BBC urges staff to delete TikTok from company devices
According to PA, guidance reportedly sent to staff at the broadcaster on Sunday said: “We don’t recommend installing TikTok on a BBC corporate device unless there is a justified business reason. If you do not need TikTok for business reasons, TikTok should be deleted.”
The move comes after the social media app, owned by Chinese company ByteDance, was banned on UK government phones amid fears around the potential extraction of sensitive data.
A BBC spokesperson said: “The BBC takes the safety and security of our systems, data and people incredibly seriously. We constantly review activity on third-party platforms – including TikTok – and will continue to do so.”
However, the BBC will continue to utilise the video-sharing platform to promote its own content, including news stories, but has said it will be regularly assessing the situation.
The banning of TikTok on staff devices marks a sharp change for the broadcaster, which has launched multiple pages on the app in a bid to reach new audiences.
The official BBC TikTok account, which has 4.4 million followers, is still active on the platform and has continued to post content. Various other pages also remain available, including those for BBC News, BBC Sport and BBC Radio 1.
BBC’s technology editor Zoe Kleinman confirmed the broadcaster has taken action, tweeting: “The BBC today has warned staff about having TikTok on corporate phones unless there is an editorial or business reason.
“Yes, this does affect me. But bigger picture: TikTok denies any data sharing with China. Nobody has found a smoking gun. And yet the fears grow louder.”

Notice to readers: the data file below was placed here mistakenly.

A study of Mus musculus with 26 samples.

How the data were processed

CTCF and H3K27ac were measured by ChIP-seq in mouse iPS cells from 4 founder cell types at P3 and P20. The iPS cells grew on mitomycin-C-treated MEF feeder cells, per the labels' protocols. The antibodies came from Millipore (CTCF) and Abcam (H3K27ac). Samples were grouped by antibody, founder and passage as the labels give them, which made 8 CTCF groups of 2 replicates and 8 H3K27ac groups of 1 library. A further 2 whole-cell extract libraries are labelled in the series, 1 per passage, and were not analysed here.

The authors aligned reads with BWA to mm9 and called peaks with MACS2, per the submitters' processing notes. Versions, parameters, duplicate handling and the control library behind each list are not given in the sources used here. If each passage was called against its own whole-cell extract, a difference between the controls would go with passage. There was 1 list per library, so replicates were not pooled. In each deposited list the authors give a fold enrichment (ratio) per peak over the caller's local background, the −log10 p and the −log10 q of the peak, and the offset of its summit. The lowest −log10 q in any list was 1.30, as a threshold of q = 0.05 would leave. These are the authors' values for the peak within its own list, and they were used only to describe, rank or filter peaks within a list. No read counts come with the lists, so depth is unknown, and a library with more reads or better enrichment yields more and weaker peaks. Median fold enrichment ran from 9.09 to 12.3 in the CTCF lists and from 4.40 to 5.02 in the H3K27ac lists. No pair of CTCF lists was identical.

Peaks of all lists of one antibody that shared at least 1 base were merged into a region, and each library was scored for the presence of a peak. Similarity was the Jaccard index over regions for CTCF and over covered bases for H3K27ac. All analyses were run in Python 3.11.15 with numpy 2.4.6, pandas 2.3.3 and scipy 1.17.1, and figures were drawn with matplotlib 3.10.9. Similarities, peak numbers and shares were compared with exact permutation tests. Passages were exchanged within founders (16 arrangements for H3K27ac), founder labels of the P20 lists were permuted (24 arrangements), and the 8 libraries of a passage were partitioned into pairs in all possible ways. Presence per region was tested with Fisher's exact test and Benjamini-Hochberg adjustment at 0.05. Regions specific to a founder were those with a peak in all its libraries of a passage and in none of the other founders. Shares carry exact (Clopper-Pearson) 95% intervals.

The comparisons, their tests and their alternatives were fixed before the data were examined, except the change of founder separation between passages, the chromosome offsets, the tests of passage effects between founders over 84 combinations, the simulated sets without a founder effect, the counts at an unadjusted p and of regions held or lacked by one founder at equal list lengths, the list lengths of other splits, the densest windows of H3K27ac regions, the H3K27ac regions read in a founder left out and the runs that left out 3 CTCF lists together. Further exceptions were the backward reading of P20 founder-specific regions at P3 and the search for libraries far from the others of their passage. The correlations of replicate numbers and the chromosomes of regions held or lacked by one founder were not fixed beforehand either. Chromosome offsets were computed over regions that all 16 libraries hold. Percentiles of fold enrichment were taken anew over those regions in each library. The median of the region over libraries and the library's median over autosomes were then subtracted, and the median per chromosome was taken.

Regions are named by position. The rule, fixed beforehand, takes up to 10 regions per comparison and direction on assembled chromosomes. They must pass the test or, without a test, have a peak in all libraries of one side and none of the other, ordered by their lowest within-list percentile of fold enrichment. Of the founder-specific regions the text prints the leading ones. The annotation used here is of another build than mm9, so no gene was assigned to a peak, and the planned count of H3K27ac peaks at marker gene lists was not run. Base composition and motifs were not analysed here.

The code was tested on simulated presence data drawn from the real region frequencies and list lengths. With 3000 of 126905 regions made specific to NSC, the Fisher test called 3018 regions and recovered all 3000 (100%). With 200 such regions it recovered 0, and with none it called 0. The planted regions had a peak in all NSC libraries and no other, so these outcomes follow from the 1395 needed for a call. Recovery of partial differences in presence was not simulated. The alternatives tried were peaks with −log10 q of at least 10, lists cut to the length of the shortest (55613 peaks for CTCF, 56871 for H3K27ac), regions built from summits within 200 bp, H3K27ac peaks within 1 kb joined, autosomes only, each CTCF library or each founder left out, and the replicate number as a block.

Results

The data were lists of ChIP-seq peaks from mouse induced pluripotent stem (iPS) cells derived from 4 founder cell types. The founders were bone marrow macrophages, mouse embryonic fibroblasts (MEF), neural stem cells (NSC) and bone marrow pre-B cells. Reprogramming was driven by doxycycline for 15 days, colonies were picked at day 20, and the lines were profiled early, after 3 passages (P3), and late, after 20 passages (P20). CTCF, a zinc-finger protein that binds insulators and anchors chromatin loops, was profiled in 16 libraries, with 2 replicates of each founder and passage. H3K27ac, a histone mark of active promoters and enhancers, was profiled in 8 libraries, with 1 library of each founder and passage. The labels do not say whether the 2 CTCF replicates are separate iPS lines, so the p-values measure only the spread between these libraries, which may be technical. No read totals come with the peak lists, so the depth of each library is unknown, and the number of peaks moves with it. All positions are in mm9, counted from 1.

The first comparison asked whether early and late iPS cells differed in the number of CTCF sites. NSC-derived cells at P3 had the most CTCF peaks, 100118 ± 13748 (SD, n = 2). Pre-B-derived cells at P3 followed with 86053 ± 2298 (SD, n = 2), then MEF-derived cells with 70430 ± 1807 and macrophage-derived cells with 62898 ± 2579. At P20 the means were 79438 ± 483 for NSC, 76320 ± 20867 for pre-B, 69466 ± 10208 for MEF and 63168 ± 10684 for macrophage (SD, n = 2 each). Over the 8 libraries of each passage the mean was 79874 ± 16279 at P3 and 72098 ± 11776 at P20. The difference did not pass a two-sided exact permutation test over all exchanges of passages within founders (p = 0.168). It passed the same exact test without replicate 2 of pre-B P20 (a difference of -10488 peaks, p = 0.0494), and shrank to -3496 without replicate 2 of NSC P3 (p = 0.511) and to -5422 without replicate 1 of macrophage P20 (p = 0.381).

TikTok said it was “disappointed” with the BBC’s decision and said bans were based on “fundamental misconceptions and driven by wider geopolitics”.
A spokesperson for the social media app said: “We are disappointed with the guidance that the BBC has shared, but welcome the fact TikTok can still be used as part of editorial, marketing and reporting purposes.
“The BBC has a strong presence on our platform, with multiple accounts from news through to music reaching our engaged community both in the UK and around the world.
“We believe these bans have been based on fundamental misconceptions and driven by wider geopolitics. We remain in close dialogue with the BBC and are committed to working with them to address any concerns they have.”
TikTok has strongly denied allegations that it hands users’ data to the Chinese government, although the sheer volume of unnecessary personal and device data which the app extracts from every TikTok user remains a serious privacy and security concern regardless of its destination.
Last week, the UK government imposed an immediate ban on the use of TikTok on government phones, although ministers and officials were still permitted to use the Chinese-owned app on their personal devices.
The United States, Canada, Belgium and the European Commission had already enacted a similar ban on the app for official devices.